Iran sentences American ‘spy’ to death

AN American ex-Marine, who also holds Iranian citizenship, has been sentenced to death by an Iran judge for spying for the CIA, the Fars news agency reports.

Amir Mirzai Hekmati, 28, was “sentenced to death for co-operating with a hostile nation, membership of the CIA and trying to implicate Iran in terrorism”, the verdict said, according to Fars today.

Hekmati, who was born in the United States to an Iranian immigrant family, was shown on Iranian state television in mid-December saying in fluent Farsi and English that he was a Central Intelligence Agency operative sent to infiltrate the Iranian intelligence ministry.

He had been arrested months earlier.

Iranian officials said his cover was blown by agents for Iran who spotted him at the US-run Bagram military air base in neighbouring Afghanistan.

But Hekmati’s family in the United States told US media he had travelled to Iran to visit his Iranian grandmothers and he was not a spy.

In his sole trial hearing, on December 27, prosecutors relied on Hekmati’s “confession” to say he tried to penetrate the intelligence ministry by posing as a disaffected former US soldier with classified information to give.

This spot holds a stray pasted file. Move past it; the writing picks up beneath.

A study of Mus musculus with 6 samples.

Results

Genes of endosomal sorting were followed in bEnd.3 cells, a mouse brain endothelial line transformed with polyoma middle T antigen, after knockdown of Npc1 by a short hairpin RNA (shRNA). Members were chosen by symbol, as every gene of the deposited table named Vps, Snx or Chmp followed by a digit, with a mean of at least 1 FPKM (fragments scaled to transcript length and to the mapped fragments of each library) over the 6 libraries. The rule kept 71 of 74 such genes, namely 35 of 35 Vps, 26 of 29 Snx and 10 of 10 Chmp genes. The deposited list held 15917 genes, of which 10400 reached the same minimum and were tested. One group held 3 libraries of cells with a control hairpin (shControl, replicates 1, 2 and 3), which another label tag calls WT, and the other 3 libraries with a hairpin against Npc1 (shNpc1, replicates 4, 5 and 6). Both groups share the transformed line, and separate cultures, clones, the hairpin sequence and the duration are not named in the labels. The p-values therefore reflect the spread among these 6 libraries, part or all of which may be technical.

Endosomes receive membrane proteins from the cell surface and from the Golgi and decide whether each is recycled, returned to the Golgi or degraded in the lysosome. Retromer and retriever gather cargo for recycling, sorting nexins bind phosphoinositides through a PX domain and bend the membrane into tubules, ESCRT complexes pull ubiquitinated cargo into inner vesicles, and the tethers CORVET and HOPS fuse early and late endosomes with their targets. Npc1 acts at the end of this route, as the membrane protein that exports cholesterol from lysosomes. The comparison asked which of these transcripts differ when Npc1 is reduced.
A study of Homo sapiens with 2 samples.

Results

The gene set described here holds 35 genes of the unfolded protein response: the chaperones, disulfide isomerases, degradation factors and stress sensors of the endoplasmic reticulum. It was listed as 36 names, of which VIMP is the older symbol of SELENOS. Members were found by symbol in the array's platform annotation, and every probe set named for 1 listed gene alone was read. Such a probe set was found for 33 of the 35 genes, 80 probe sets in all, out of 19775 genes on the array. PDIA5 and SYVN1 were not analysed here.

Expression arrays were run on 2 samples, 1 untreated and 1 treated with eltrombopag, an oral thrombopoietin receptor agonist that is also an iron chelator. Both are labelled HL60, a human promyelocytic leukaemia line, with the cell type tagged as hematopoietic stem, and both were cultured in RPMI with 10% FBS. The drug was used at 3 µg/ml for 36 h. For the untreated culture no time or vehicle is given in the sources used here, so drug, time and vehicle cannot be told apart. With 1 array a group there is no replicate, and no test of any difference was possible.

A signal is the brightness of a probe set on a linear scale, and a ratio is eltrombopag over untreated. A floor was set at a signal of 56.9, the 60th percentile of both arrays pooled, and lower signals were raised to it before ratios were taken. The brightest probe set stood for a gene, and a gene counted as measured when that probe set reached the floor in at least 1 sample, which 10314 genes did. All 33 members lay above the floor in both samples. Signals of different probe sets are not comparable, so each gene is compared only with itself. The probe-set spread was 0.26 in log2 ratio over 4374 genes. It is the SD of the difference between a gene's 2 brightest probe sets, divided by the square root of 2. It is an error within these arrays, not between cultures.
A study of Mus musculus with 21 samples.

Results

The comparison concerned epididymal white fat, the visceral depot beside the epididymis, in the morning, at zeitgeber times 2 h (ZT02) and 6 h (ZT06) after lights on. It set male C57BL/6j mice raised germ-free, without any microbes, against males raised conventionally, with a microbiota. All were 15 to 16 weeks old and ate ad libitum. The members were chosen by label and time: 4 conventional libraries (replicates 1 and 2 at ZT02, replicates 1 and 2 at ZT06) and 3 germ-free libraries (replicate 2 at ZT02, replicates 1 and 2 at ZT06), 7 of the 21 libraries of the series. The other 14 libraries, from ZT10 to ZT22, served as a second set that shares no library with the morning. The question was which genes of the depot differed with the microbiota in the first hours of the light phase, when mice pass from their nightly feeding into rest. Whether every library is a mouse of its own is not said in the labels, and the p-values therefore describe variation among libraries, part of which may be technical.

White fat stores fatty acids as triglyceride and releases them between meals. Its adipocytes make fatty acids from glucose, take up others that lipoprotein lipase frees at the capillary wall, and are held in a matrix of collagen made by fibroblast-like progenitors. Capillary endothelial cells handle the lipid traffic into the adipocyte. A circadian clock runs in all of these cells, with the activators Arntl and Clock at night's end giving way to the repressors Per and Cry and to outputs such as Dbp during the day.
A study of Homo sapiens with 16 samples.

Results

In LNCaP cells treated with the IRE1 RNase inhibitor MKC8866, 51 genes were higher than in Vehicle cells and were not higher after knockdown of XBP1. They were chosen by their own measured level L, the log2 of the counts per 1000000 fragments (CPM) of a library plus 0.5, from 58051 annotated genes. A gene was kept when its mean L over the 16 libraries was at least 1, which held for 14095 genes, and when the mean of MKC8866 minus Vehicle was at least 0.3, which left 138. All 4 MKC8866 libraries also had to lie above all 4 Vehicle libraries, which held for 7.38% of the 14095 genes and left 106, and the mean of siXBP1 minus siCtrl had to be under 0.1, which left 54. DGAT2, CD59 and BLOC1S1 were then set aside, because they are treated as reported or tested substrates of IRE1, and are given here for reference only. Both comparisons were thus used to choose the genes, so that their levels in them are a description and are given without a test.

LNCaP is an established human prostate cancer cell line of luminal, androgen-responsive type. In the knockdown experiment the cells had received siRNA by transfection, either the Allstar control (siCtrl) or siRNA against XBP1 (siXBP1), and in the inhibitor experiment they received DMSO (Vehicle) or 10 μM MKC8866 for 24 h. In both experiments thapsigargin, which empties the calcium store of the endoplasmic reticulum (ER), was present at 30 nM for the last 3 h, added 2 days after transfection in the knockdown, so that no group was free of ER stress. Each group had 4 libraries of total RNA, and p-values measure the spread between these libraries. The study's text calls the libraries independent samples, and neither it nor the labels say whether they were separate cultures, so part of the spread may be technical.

The United States has demanded Hekmati’s release.

The State Department said Iran has not permitted diplomats from the Swiss embassy – which handles US interests in the absence of US-Iran ties – to see Hekmati before or during his trial.

Meanwhile Iran says it has arrested an unidentified number of “spies” who allegedly sought to carry out US plans and disrupt an upcoming parliamentary election, intelligence minister Heydar Moslehi said.

“Those arrested were after carrying out American plans and operations to disrupt the parliamentary election using cyber space and social networks,” Moslehi told reporters after a cabinet session on Sunday, state media reported.

Moslehi did not say when or how many people were arrested, nor did he reveal their nationalities.

But he said they were also in contact with people abroad, through the internet, as Iran braces to hold a legislative election on March 2, its first poll since the disputed 2009 presidential election.